The California Transparency in Supply Chains Act: New Legislation Requires Disclosures on Corporate Efforts to Eliminate Slavery and Human Trafficking

On September 30, California Governor Arnold Schwarzenegger signed The California Transparency in Supply Chains Act of 2010 into law.  The legislation will require companies to disclose their efforts to ensure that their supply chains are free from slavery and human trafficking. 

The legislation will go into effect on January 1, 2012 and applies to retail sellers and manufacturers doing business in California that have annual gross receipts exceeding one hundred million dollars.

Once the legislation goes into effect, companies will be required to disclose what actions they are taking, if any, to:

  • Evaluate and address the risks of human trafficking and slavery in their product supply chains. These disclosures must state if companies are not using third parties to verify the risks in their supply chains.
  • Require their direct suppliers to certify that the materials incorporated into company products comply with laws regarding slavery and human trafficking in the countries in which they are doing business.
  • Conduct audits of their suppliers to evaluate compliance with company standards on trafficking and slavery.  These disclosures must state whether independent, unannounced audits are conducted.
  • Maintain accountability standards and procedures for employees or contractors that fail to meet corporate standards regarding slavery and human trafficking.
  • Provide employees and managers, who have direct responsibility with supply chain management, with training on the mitigation of human trafficking and slavery risks.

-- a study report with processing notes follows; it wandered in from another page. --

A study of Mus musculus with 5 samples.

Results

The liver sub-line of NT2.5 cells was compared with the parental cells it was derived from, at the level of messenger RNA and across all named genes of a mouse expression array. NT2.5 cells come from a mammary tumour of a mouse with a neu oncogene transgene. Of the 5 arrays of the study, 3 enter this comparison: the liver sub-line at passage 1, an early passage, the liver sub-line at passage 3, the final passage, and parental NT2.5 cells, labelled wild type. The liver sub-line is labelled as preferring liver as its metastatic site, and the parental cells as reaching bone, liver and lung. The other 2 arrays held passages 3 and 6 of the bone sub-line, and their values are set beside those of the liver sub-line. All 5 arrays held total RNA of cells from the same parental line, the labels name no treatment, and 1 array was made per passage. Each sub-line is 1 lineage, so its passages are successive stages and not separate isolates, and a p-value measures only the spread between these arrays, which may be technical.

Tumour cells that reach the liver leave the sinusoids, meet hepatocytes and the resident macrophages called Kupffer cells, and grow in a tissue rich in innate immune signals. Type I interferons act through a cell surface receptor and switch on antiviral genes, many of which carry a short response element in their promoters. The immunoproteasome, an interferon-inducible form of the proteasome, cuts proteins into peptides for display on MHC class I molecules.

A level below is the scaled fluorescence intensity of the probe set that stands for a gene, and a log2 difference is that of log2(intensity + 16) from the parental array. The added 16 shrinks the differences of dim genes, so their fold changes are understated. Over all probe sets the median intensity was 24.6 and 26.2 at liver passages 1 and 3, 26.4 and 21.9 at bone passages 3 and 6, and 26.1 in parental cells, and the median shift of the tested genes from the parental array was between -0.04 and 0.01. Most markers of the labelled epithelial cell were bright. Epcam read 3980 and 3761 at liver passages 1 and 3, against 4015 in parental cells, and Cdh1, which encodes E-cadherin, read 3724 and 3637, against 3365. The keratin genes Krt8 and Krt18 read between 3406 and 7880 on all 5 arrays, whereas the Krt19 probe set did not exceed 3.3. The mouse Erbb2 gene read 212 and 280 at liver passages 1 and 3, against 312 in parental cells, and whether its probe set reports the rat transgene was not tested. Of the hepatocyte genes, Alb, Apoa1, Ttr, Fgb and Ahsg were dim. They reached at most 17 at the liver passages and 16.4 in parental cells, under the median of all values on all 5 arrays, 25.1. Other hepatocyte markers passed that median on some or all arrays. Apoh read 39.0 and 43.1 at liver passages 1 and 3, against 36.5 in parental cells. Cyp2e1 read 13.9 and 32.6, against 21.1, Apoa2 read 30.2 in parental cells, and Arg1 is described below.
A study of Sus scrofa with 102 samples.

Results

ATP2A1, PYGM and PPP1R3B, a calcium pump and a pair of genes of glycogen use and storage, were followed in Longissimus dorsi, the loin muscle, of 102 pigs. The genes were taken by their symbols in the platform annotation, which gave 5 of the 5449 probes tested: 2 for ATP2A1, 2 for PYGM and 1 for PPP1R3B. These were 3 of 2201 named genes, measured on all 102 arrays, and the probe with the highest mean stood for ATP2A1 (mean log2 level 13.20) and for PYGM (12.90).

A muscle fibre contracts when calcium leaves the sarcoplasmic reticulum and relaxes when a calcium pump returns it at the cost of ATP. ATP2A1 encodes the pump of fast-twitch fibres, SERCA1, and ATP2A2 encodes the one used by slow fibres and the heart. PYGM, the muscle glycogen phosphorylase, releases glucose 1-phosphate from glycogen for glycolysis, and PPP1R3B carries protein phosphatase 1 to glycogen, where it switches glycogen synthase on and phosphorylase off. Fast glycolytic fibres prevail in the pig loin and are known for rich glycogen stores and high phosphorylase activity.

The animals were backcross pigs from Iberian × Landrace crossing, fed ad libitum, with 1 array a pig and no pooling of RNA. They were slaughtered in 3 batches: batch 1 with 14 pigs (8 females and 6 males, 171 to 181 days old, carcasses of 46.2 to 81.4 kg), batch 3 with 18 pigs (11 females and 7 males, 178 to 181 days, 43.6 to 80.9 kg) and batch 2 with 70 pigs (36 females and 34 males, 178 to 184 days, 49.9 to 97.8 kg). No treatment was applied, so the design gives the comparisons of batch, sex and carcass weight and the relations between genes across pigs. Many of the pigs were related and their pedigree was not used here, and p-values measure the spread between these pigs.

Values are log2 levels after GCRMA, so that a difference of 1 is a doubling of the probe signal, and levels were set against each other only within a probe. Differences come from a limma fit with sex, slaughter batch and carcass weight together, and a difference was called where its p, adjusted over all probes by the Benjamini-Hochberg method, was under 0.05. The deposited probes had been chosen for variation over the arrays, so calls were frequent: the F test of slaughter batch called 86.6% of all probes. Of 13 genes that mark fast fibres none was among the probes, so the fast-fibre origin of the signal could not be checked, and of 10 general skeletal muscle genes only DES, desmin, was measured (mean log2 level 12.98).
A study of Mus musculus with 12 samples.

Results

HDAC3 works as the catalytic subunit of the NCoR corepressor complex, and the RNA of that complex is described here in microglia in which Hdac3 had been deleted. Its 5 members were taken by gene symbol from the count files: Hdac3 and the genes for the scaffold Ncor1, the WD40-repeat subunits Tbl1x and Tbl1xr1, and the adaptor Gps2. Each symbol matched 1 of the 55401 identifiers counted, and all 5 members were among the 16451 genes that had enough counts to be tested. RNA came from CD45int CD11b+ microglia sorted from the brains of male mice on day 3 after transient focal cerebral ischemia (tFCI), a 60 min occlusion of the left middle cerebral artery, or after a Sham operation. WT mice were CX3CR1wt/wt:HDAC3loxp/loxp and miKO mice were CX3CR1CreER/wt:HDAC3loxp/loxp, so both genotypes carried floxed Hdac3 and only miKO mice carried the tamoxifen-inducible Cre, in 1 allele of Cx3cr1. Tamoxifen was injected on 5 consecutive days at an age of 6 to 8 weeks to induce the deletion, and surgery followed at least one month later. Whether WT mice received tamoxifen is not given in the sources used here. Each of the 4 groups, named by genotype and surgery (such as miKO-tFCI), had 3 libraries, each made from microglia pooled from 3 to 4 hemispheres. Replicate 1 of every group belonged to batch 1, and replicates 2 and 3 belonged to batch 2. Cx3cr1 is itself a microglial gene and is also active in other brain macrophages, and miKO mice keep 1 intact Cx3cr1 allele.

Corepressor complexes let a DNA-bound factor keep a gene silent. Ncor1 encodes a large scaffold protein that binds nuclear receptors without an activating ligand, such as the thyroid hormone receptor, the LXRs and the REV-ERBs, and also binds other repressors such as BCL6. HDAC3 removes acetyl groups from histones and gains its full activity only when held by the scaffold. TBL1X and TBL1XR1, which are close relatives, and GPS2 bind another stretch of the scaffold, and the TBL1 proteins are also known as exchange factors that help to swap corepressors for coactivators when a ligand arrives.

Companies are required to make these disclosures on their websites.  If a company does not have a website, the information must be made available in writing within 30 days of a consumer request for the disclosure.  The exclusive remedy for failure to comply with the law is an action brought by the Attorney General of California for injunctive relief.

A coalition of institutional investors, faith-based investors, and research firms had urged Governor Schwarzenegger to sign the legislation, which was passed by California’s Senate and Assembly in July.  Rev. David M. Schilling, program director for human rights at the Interfaith Center on Corporate Responsibility, recently observed that the legislation’s requirements are in line with the recommendations of the U.N. Special Representative for Business and Human Rights, specifically with regard to corporate implementation of human rights due diligence processes (.pdf). 

Initial estimates suggest that the legislation will impact approximately 3,200 companies.  That said, as was noted by the legislation’s supporters, many companies are already disclosing detailed information about the human rights risks associated with their supply chains.  The intent of the legislation is to provide consumers with the information they need to make purchasing decisions with the elimination of slavery and human trafficking in mind.  The language of the bill specifically cites a September 2009 report by the U.S. Department of Labor (.pdf) that lists 122 goods from 58 countries that the Department of Labor has reason to believe were produced with either forced labor or child labor, and states that "[a]bsent publicly available disclosures, consumers are at a disadvantage in being able to distinguish companies on the merits of their efforts to supply products free from the taint of slavery and trafficking."   

The legislation does not require companies to take specific actions other than the disclosure of what, if any, efforts are being made to address the risks of slavery and human trafficking in their direct supply chains.  Ultimately, the impact of the legislation will depend on both consumer behavior and the extent to which advocates, including investors, are able to use the required disclosures to pressure companies to monitor, and mitigate, the human rights risks in their supply chains.